On this day in 1741, the first children were admitted to the care of the Foundling Hospital by mothers desperate to give them better chances in life.

It had taken Thomas Coram 17 years of campaigning to create this place where babies abandoned on the streets of London could be fostered and then enter residential school for ten years before entering employment and being supported until they reached the age of 21.

Whilst much has seemingly changed in 280 years, there are now more young people depending on the support of the care system than ever before and young people face continuing challenges all too familiar to the generations who came before them.

A new way of thinking

It was a quite extraordinary achievement for Thomas Coram to create an entirely new type of institution for ‘foundlings’ which was at odds with the moral norms of the day. At the time, society saw illegitimate children as exemplifying the sin of their parents and mothers faced destitution because they were pregnant and unmarried.

Thomas Coram did not judge either mother or child and so many children were presented for entry that a lottery system had to be used to decide entry with a mother drawing a ball from a bag with the colour determining whether the child was admitted. A new name was given to the child as the mother was promised anonymity so she could also start a new life and meticulous records were kept in case she could ever return.

The stigma of illegitimacy

The Foundling Hospital found that there was a difficult line to tread to avoid the charity being accused of promoting ‘lewd behaviour’ amongst parents and in the 19th century this can be seen in the use of a petition system to decide entry, in which the ‘good character’ of the mother was tested and only first children were admitted.

The stigma of illegitimacy ran deep in the centuries that followed. The Foundling Hospital Pupils were prepared for jobs considered fitting to their station in life. There was no room for love and life was harsh but in his article Blank Child, Dickens described the overall well-ordered and relatively progressive institution. Charles Dickens often referenced the Hospital in his work, and John Brownlow in Oliver Twist shared a name with the then Secretary of the Hospital – the first Foundling Hospital pupil to hold the role.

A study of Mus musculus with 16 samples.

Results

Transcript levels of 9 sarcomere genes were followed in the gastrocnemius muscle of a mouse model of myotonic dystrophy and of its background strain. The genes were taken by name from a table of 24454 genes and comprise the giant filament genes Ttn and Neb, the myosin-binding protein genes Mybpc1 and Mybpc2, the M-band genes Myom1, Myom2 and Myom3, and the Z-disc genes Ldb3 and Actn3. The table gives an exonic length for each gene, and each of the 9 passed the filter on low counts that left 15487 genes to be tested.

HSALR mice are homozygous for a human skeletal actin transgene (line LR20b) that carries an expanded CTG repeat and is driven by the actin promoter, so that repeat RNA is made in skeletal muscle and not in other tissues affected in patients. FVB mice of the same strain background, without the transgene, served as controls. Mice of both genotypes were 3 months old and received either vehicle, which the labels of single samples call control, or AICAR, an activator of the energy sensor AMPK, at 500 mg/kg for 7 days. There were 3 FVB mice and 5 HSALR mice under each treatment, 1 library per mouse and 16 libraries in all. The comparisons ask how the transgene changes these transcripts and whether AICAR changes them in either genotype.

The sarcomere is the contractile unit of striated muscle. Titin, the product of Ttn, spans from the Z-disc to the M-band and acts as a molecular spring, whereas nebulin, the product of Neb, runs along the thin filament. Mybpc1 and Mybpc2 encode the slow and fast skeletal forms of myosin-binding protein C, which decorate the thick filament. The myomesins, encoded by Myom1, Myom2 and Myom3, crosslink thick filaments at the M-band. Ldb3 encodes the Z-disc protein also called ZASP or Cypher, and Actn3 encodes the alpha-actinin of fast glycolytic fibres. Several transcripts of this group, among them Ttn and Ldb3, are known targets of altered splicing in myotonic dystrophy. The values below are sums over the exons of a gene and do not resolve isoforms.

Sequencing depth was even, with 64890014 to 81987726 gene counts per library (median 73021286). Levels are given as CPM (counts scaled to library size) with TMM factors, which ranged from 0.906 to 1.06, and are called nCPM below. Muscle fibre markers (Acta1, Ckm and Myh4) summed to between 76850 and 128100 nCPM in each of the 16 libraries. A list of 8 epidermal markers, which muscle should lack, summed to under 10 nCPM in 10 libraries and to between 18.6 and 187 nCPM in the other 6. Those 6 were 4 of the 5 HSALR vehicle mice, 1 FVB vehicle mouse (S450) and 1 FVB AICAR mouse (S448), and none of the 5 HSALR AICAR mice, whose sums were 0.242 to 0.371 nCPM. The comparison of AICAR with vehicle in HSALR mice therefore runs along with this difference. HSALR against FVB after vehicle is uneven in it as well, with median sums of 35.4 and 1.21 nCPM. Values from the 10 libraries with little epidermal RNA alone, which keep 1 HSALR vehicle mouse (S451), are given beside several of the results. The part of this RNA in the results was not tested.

Care in the 20th century

By the time of the Second World War, little had changed. Mothers still faced great difficulty in raising a child out of wedlock and children continued to be told that they could not expect more. Children were still being admitted without knowing why they were there or who their mothers were.

After the mass experience of evacuation during the war came the Curtis report and the 1948 Act heralding the move to family based foster care which dominates care today and the Foundling Hospital school closed in 1954. A decade later, the landmark drama Cathy Come Home shone a light on the continued poverty of single mothers and it was as late as 1989 that the Children Act and the United Nations Convention first recognised the right of children to be heard and their best interests to be paramount in decisions about them.

The care system as we know it today strives to protect young lives. It is characterised by many positive experiences for children living in foster families across the country but still the sense of stigma is felt by all too many young people who may not understand why they are there, experience multiple moves or achieve fewer qualifications.

This is why the young people who are part of the Coram Story of Care: Voices through Time programme, digitising our historic archive, are campaigning themselves to tell the #RealStoriesOfCare.

And to mark the first Care Experience History Month, Coram will publish a new survey of the public attitudes to care today. Perhaps now – on the eve of the Independent Review of Children’s Social Care and 280 years after the First Admission – we can come together to ensure every child has an equal chance in life.